Back in March of 2014, an exhibition at the Israel Museum in Jerusalem brought forth a collection of what was touted as the “world’s oldest masks”. Painstakingly crafted from stones, these 9,000-year old artifacts were made by the early farmers of the Judean Hills region. In essence, there is a historical significance to these artifacts, given how the immediate ancestors of the prehistoric farmer-craftsmen in Levant were the ones (among many) to sow the ‘seeds’ of human civilizations by making the transition from hunting-and-gathering to introducing a range of founder crops like barley, lentils, chickpeas, emmer and flax. And beyond just chronological significance, these ancient Neolithic masks also allude to the development of culture and religion, as the objects probably symbolized the spirits of dead ancestors – and thus were possibly used in Stone Age rituals.
From the archaeological perspective, the mask specimens were (probably) salvaged from various areas in and around the Judean Hills and the Judean desert, in proximity to Jerusalem. For example, one particular specimen was discovered in 1983 inside the Nahal Hemar cave along a cliff by the Dead Sea; while another was found fortuitously, and quite aptly, when a ‘modern’ farmer was tilling his field in the nearby site of Horvat Duma. In addition to the mask in the earlier-mentioned case of the cave, researchers had also uncovered wooden beads, shells, flint knives and embroidered clothes (that were possibly worn during rituals), along with macabre objects like figurines made of bones and human skulls ‘decorated’ with asphalt.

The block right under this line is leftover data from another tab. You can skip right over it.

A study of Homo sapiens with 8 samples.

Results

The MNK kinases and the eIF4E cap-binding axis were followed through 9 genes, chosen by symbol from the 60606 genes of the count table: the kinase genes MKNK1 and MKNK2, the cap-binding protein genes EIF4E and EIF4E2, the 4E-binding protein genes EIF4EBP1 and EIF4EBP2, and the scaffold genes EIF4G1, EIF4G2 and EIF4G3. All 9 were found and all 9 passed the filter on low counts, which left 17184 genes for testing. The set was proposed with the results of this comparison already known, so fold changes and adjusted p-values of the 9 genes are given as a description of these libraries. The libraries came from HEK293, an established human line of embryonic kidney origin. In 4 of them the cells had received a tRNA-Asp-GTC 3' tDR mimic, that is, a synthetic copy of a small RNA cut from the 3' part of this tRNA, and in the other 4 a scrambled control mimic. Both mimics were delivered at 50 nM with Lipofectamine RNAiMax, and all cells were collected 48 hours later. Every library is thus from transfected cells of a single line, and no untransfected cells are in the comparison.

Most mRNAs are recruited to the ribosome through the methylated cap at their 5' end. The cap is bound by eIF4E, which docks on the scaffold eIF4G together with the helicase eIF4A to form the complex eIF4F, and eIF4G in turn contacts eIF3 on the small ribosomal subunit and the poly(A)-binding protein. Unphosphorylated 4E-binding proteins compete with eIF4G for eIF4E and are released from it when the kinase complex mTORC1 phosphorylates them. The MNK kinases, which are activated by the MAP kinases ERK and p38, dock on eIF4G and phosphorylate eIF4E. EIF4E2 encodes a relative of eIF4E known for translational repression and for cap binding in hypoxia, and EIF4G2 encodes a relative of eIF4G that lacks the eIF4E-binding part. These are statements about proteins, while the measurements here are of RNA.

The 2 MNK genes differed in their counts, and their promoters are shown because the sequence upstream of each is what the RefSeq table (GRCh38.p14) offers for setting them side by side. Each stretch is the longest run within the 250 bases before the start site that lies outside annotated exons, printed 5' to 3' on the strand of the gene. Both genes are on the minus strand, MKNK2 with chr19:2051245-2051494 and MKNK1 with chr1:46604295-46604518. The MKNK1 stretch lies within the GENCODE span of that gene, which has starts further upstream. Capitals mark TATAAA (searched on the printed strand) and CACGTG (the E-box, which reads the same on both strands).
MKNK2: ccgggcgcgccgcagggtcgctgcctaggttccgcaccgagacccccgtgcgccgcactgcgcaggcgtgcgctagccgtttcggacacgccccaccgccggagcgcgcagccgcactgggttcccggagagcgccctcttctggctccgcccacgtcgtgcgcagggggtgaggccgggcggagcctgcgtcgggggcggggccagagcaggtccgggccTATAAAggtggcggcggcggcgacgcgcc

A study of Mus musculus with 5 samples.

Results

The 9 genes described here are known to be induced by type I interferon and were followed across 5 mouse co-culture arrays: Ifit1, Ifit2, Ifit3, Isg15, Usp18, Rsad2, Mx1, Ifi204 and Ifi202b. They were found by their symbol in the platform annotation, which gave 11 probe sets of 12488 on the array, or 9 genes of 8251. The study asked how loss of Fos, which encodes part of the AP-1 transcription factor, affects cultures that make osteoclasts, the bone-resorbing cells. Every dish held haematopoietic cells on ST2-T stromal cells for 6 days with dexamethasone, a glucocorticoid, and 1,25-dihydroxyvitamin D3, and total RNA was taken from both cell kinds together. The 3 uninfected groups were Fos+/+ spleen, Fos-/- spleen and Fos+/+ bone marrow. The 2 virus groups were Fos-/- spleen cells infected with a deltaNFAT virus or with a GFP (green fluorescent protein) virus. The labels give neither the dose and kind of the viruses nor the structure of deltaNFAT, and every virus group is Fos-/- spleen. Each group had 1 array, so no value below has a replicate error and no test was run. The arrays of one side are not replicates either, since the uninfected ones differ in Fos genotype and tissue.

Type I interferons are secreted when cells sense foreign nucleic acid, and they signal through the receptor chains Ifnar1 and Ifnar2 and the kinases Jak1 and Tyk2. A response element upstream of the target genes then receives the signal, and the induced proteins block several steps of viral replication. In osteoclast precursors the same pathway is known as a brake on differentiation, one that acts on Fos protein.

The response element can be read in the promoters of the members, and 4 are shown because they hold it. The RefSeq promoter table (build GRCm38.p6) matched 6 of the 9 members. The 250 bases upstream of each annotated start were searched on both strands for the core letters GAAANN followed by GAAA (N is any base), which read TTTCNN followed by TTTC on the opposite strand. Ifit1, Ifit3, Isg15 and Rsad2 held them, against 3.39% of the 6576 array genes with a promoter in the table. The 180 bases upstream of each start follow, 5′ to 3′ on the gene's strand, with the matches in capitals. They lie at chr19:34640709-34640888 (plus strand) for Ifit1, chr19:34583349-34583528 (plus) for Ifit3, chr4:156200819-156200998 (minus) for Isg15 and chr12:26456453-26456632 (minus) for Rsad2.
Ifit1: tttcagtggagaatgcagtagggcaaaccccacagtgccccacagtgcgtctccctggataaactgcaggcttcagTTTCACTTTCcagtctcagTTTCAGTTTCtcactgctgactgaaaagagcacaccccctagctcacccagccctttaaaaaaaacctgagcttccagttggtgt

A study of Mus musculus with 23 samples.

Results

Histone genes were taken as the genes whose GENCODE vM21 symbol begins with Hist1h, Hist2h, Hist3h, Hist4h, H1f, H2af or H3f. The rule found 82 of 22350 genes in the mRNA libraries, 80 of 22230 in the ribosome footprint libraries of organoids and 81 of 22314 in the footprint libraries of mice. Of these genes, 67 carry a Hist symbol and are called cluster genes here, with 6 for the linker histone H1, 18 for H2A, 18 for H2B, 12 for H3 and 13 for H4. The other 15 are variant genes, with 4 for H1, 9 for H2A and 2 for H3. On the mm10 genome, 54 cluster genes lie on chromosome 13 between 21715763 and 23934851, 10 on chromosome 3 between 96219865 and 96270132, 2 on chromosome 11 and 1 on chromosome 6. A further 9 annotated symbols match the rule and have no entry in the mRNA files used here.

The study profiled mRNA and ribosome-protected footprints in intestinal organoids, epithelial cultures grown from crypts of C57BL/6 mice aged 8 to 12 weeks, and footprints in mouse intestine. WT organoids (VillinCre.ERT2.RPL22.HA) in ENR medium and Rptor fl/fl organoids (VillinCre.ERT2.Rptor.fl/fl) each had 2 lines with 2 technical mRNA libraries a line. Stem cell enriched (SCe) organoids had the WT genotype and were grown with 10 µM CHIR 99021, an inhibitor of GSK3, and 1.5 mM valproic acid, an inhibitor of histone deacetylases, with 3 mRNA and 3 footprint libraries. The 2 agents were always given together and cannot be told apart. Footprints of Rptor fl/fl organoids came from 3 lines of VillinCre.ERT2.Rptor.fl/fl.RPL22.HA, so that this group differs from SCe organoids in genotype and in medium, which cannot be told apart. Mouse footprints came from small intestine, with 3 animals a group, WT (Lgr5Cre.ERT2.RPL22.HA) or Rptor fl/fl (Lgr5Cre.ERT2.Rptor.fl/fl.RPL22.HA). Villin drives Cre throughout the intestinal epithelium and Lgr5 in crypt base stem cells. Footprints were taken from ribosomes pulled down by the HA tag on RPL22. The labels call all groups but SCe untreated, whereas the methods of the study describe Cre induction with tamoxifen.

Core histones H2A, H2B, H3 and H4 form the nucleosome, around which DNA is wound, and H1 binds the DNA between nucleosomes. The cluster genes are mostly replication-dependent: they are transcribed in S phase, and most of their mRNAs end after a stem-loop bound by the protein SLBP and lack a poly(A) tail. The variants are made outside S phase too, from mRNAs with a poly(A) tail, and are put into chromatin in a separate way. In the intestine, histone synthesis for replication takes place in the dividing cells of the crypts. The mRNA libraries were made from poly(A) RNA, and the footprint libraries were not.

Now since we brought up the macabre scope of these discoveries, there is no denying the sense of eeriness one could attribute to these Neolithic masks. As Debby Hershman, curator of the Israel Museum’s Prehistoric Cultures Department, made it clear –
Many of them look like dead people. In fact, I think they’re portraits of specific people — probably important ancestors.
Interestingly enough, their ‘naked’ faces may seem to be more menacing. To that end, archaeologists had also come across tufts of dilapidated hair that were stuck to some of the masks, but later removed on account of the exhibition. So in a manner, all of the masks represented adult males, with each originally having its set of facial hair including beard, mustache and possibly even hair. And rather notching it up on the sinister factor, the masks were probably modeled on actual human skulls (of old men), thus having realistic contours that mirror the prominent cheeks, temples, eye sockets, and even the teeth bared in their creepy grimace.
Finally, it brings us to the question – were these masks actually worn, or only displayed for their symbolism related to the ancestors? Well experts at the The Hebrew University of Jerusalem had created 3D reconstructions of the Neolithic artifacts, and found out that each specimens had its individual dimensions that tend follow the proportions of human faces. Additionally the view from the eye-holes allow for a wide field of vision, while many of the specimens also have holes along their edges. This latter characteristic possibly had to do with straps that were fastened to living faces.
Furthermore, in spite of their stone-made nature, the masks are relatively light (between 2.2 to 4.4 lbs), especially in comparison to the ritual masks that are worn in various ceremonial affairs across Africa and Oceania. But the question still remains – what exactly were the Stone Age cultural rituals that can be associated with these objects? Hershman believes that the Neolithic artifacts were accorded special status and thus were associated with prestige. She also admitted that further investigations and newer contextual discoveries might just help in solving the mysteries of the world’s oldest masks.